Creating Alternatives

This article is based on my ideas about the Great Turning Movement. If you aren’t familiar with them, click here.

The Great Turning Movement already includes an enormous number of innovative alternatives that are models for aspects of a regenerative, transformed society. These are the seeds of the new culture that is emerging, and over time they will multiply and spread, ultimately leading to a new society. I have divided them into four categories–social, economic, professional, and ecological. Below I have listed just a few examples of each. There are many more.

Social Alternatives

There are many experiments with alternative social structures of all different kinds. For example:

  • Healthy private schools foster emotional intelligence, allow students to follow their interests, and promote whole-person learning,
  • Wisdom Councils or other forms of Citizens’ Deliberative Councils, involve a randomly selected small group of citizens who meet for a number of days to come up with a solution for a thorny issue. They are educated about the issue and facilitated in a process that leads to wise and often creative solutions.
  • Products are designed to be made up of constituents that can be reused when the product is ready to be scrapped, so it doesn’t create any waste. This is called cradle-to-cradle manufacturing rather than the usual cradle-to-grave. (Cradle to Cradle: Remaking the Way We Make Things, William McDonough)

Ecological Innovations

People are experimenting with innovative environmental projects, as are showcased every year at the Bioneers Conference and portrayed in Paul Hawken’s book, The Ecology of Commerce. For example:

  • Projects and processes using biomimicry, which means learning from nature’s ways.
  • Regenerative agriculture, which focuses on topsoil regeneration, increasing biodiversity, improving the water cycle, enhancing ecosystem services, supporting biosequestration, increasing resilience to climate change, and strengthening the health and vitality of farm soil. (See Chapter 8 of Climate: A New Story, by Charles Eisenstein)
  • Innovative food systems in the oceans, such as Green Wave.
  • A growing number of local initiatives, such as community gardens, community supported agriculture, and nature-learning ecological projects for the schools.
  • People are working on restoring to health local rivers, oceans, mountains, wetlands, forests, coral reefs, farms, and so on, which has the additional benefit of helping to mitigate climate change. The Biggest Little Farm is an amazing documentary that shows the restoration of a dead farm into a beautiful local ecosystem.

Economic Alternatives

There is much innovative action around economic issues.

  • Alternative currency systems can create money in a new way that allows a steady-state economy, which doesn’t require economic growth to be healthy. (See Chap. 10 of Climate: A New Story, Charles Eisenstein)
  • The Scandinavian countries have pioneered economic systems that put people’s needs ahead of profit making, leading to a happier way of life. (Viking Economics, George Lakey)
  • Gar Alperovitz details a vast array of largely local initiatives in the U.S. that have the potential to change the control of wealth from corporations to the people. These include new cooperatives, neighborhood corporations, land trusts, municipally owned energy and broadband systems, state banks on the North Dakota model, alternative self-reliant micro-economies, and hybrid forms of community and worker ownership. He suggests that these can eventually scale up into a new economic system called a “pluralist commonwealth.”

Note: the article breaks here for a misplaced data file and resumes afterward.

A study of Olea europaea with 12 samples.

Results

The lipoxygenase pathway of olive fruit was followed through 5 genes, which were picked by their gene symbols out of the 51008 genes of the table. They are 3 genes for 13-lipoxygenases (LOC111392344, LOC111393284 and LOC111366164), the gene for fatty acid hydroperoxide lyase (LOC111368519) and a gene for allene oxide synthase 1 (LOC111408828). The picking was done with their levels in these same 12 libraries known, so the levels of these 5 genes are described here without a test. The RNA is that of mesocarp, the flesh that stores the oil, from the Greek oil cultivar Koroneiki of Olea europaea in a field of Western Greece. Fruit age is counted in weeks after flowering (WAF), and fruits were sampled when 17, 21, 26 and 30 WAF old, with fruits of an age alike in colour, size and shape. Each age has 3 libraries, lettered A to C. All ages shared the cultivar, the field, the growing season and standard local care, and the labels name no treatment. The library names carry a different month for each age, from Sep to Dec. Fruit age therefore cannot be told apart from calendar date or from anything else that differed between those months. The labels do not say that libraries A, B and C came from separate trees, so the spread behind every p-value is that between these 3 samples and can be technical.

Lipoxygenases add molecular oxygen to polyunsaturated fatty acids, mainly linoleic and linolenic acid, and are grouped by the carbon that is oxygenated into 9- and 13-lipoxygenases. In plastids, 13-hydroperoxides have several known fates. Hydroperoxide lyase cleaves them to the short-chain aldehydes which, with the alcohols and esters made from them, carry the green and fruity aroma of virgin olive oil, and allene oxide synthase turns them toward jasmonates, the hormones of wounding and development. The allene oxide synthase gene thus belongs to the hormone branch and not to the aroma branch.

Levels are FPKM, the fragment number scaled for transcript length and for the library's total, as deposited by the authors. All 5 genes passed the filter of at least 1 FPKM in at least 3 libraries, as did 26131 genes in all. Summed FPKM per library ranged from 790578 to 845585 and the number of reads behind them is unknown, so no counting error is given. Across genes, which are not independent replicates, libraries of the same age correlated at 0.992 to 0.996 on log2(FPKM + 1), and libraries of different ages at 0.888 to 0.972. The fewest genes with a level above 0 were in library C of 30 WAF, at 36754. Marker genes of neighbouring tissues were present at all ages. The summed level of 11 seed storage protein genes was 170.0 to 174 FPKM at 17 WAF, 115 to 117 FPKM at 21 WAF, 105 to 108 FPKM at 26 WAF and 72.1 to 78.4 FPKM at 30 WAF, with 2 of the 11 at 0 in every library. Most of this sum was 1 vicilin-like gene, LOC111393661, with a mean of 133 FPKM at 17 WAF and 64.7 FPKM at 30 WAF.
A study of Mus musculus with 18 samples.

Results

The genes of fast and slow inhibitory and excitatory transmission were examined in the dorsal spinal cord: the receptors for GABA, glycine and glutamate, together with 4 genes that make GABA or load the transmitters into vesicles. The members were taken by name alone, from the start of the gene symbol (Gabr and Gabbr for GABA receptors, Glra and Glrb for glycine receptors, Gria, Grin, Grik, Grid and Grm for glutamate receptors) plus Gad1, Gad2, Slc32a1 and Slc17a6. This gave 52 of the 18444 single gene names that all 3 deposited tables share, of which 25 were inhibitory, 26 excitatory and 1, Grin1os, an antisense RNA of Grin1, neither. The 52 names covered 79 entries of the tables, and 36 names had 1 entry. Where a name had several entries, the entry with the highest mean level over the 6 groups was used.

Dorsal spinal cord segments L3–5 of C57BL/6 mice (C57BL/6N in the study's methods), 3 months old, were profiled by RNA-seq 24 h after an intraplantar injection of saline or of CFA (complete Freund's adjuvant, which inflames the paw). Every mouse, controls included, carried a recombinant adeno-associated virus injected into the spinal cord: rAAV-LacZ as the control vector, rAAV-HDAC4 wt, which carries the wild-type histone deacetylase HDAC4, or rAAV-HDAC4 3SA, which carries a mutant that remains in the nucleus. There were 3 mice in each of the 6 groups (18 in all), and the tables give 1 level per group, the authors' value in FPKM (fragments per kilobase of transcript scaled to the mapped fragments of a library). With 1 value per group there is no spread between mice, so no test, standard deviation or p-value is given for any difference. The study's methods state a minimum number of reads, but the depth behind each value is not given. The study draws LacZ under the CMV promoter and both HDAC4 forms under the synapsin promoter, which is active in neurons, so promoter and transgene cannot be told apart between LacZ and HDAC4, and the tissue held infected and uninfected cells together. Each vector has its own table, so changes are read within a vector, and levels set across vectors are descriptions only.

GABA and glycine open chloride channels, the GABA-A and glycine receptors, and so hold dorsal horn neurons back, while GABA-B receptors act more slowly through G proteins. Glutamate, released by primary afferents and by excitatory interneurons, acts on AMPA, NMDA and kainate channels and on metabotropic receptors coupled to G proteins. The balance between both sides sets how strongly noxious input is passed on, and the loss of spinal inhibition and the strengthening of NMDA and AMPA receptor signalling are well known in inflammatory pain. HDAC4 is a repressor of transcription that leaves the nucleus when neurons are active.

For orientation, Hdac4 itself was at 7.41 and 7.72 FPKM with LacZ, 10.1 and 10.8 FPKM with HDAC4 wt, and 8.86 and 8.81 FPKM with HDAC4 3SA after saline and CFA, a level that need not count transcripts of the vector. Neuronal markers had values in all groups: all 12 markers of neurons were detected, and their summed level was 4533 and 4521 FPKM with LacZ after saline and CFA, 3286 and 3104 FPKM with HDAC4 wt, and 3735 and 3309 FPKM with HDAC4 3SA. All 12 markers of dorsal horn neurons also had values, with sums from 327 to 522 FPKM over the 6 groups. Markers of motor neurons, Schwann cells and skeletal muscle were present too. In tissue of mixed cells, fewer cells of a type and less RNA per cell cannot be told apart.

Transforming Professions

Pioneers in existing professions are transforming the way they work in the direction of what we need for a new society. For example:

  • Many lawyers are moving away from adversarial practice to using mediation to resolve legal conflicts, which is a move from competition to cooperation.
  • Internal Family Systems Therapy (IFS) is a form of individual therapy (which I practice, see my book Self-Therapy) which implicitly promotes the values of a healthy society. It is non-pathologizing. People learn to have compassion for those parts of themselves that are causing them trouble. There is an understanding that there is a natural healing process in the psyche, which can operate when blocks are removed. And the healing comes from the true self of the client.
  • Holistic medicine involves a wide variety of approaches to health. They all trust that there is a natural healing process in the body, so they attempt to balance the body and remove blocks to healing, allowing this process to operate freely.
  • Many journalists are doing great investigative work and other fine reporting. However, too often we get, “If it bleeds, it leads.” The new journalism involves reporting on positive happenings and organizations and especially on organizations and movements that are aimed at social transformation. These journalists will be crucial in helping the movement to become more visible when the time is right.

These are just a few examples of numerous social, economic, professional, and ecological alternatives that are already happening. We can join with them and help them to understand what they have to offer to the Great Turning. We might create a database of all these efforts, from which our members and others can choose who they want to work with. And many more alternatives will develop as the movement grows and spreads.

In addition, the Great Turning movement can publicize these alternatives to show that a new, healthy society is possible. For example, we could help sponsor a Wisdom Council process around a highly visible world issue and publicize the results and the process. Journalists who are part of the movement can help with this.